FOOD BITES: JULY 2018

Magnesium Treats Depression

As little as 248 mg of magnesium per day leads to an astounding reversal of depression syndrome, according to research conducted at the Larner College of Medicine at the University of Vermont and published in the journal PLoS One in June 2017.

….FULL ARTICLE

FOOD BITES: AUGUST 2018

Source of Yuma E. Coli Romaine Found

Federal officials first announced on April 13 an E. coli outbreak linked to romaine lettuce grown and produced in the Yuma, Ariz., area. Federal investigators found the source of the outbreak of E. coli O157:H7 on July 28: canal water.

….FULL ARTICLE

FOOD BITES: NOVEMBER 2018

Lab-Grown Meat Gaining Traction

More and more meat is being grown in labs from cultured cells. Several start-ups, such as Mosa Meat, Memphis Meats, SuperMeat and Finless Foods, are developing lab-grown beef, pork, poultry and seafood. This burgeoning niche industry is attracting millions in funding; Memphis Meats gobbled

….FULL ARTICLE


Gut Microbes and Processed Foods


Processed foods such as breads, cereals and sodas are associated with negative health effects, including insulin resistance, obesity and heart disease. One contributing factor to the unhealthiness of processed foods is Maillard reaction products. The Malliard reaction is a non-enzymatic browning process that imparts flavor to starch-based products. It is not necessarily unhealthy, but these products feature thermal degradation that result from a chemical reaction between amino acids and sugars and/or the reaction between oxidized lipids and proteins. One of these products is fructoselysine, which is common in processed foods such as ultra-pasteurized milk, pasta, chocolate and cereals. Researchers are investigating the complex interactions between human gut microbes and the chemicals commonly consumed as part of a typical American diet. The gut bacterium Collinsella intestinalis breaks down the chemical fructoselysine into less harmful components in mice. When fed a diet with high amounts of fructoselysine, mice with C. intestinalis in their guts showed an increase in the abundance of this bacteria. There was also an increase in the gut microbial communities’ ability to break down fructoselysine into harmless byproducts. This study helps identify human gut microbes and how they metabolize harmful food chemicals into innocuous byproducts. The researchers believe this information can be used to develop healthier, more nutritious foods as well as design potential strategies to identify and harness certain types of gut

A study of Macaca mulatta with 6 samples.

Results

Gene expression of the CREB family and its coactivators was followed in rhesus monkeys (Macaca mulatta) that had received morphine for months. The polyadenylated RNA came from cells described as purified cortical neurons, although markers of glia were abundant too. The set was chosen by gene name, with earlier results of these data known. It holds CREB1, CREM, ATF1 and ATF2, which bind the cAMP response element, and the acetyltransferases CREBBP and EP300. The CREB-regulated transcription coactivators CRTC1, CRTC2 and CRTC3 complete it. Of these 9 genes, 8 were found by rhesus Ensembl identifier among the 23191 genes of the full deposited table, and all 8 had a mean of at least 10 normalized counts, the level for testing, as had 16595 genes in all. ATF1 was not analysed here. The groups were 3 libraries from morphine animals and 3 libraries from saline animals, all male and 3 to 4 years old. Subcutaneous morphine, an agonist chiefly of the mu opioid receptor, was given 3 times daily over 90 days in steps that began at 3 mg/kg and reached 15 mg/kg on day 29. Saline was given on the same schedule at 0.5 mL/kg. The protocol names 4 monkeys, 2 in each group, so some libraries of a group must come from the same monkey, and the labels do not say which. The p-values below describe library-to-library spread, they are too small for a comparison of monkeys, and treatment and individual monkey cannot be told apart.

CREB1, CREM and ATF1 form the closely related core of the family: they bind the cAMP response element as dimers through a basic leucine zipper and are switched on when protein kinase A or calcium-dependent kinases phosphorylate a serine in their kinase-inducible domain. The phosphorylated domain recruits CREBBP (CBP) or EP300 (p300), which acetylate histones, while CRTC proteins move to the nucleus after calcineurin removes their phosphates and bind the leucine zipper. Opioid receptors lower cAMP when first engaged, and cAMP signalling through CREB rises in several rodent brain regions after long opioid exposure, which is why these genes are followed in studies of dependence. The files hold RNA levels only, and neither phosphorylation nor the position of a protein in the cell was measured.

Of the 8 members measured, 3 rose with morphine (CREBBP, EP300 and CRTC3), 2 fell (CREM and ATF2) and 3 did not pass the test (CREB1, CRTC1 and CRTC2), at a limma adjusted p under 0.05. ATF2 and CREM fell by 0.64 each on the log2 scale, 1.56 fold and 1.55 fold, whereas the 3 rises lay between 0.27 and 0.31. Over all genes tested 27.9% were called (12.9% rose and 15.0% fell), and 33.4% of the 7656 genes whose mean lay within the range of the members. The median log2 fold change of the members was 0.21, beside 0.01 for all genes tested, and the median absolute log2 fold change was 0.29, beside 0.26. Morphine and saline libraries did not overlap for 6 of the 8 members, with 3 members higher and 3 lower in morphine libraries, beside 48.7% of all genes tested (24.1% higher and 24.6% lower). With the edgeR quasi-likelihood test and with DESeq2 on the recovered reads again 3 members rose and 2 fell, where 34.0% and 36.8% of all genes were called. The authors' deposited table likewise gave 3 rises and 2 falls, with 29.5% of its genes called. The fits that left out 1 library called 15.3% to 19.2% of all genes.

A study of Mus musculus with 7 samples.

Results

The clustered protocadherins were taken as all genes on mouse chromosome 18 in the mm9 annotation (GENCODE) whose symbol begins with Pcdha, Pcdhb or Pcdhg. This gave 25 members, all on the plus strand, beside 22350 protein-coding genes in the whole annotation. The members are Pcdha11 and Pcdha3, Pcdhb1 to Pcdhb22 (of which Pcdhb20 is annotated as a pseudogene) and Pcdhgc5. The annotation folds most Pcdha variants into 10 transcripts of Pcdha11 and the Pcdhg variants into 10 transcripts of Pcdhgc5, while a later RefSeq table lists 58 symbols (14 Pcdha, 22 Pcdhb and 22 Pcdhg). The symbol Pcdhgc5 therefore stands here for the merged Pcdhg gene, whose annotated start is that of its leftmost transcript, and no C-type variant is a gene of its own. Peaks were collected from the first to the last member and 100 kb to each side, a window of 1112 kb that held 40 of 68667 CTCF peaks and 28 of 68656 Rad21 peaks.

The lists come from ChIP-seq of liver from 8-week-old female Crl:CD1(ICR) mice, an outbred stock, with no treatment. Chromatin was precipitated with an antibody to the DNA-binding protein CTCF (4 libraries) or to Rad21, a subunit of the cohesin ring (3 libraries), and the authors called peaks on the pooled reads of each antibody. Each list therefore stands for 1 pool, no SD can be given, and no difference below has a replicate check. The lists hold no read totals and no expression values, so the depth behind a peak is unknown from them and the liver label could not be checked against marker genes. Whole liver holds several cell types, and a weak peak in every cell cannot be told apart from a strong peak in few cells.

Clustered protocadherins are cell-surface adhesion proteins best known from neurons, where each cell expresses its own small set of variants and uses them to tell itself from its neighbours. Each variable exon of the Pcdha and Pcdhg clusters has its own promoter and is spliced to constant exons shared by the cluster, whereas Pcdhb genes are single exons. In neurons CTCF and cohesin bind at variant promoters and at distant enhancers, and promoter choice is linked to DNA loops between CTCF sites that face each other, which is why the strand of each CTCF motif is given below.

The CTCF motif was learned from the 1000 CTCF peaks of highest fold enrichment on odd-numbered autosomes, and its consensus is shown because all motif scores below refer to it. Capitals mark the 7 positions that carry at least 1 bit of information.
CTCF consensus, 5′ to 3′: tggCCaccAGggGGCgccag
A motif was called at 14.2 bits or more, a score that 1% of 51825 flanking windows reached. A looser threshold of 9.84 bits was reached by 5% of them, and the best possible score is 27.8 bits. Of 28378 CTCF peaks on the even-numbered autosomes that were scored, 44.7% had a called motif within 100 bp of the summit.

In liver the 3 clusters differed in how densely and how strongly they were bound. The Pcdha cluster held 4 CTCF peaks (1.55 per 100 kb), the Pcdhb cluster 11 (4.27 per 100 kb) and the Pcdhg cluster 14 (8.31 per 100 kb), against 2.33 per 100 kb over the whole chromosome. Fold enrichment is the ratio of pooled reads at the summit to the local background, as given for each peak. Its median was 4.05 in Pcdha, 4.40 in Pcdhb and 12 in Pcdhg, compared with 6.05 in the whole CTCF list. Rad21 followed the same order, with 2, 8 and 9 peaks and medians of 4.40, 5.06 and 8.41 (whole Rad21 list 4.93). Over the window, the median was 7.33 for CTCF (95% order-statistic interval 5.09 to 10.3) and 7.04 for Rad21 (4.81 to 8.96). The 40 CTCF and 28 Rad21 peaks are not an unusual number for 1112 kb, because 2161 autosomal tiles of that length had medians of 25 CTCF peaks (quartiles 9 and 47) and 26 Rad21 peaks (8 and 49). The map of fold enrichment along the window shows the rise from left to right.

bacteria shown to assist in processing potentially harmful chemicals. But it’s a complex, daunting task. For example, close cousins of C. intestinalis did not respond to fructoselysine in the same way. These bacterial cousins, whose genomes vary somewhat, do not thrive in a fructoselysine-rich environment. Further studies are needed to identify the specific capacities of individual microbes to clean up the array of potentially deleterious chemicals produced during some types of modern food manufacturing. The study was published in the journal Cell Host & Microbe on Oct. 9.


We Tend To Eat More With Others We Know


People eat more with friends and family than when dining along, say researchers at the University of Birmingham. It could be a throwback to our early ancestors’ approach to survival, a phenomenon known as “social facilitation.” Ancient hunter gatherers shared food because it protected against periods of food insecurity. Teams of researchers in Britain and Australia evaluated 42 existing studies of research into social dining. They found eating socially has a powerful effect on increasing food intake relative to dining alone. Previous studies found those eating with others ate up to 48 percent more food than solo diners, and women

with obesity who ate socially consumed up to 29 percent more than when eating alone. Eating with others is more enjoyable, and enhanced rewards from social eating could increase consumption. Social norms might permit overeating in company but sanction it when eating alone, and providing food becomes associated with praise and recognition from friends and family, which strengthens social bonds. This effect was not found among people who were not well acquainted. These findings were published in The American Journal of Clinical Nutrition on Aug. 21.

ANGELA S. HOOVER

Angela is a staff writer for Health & Wellness magazine.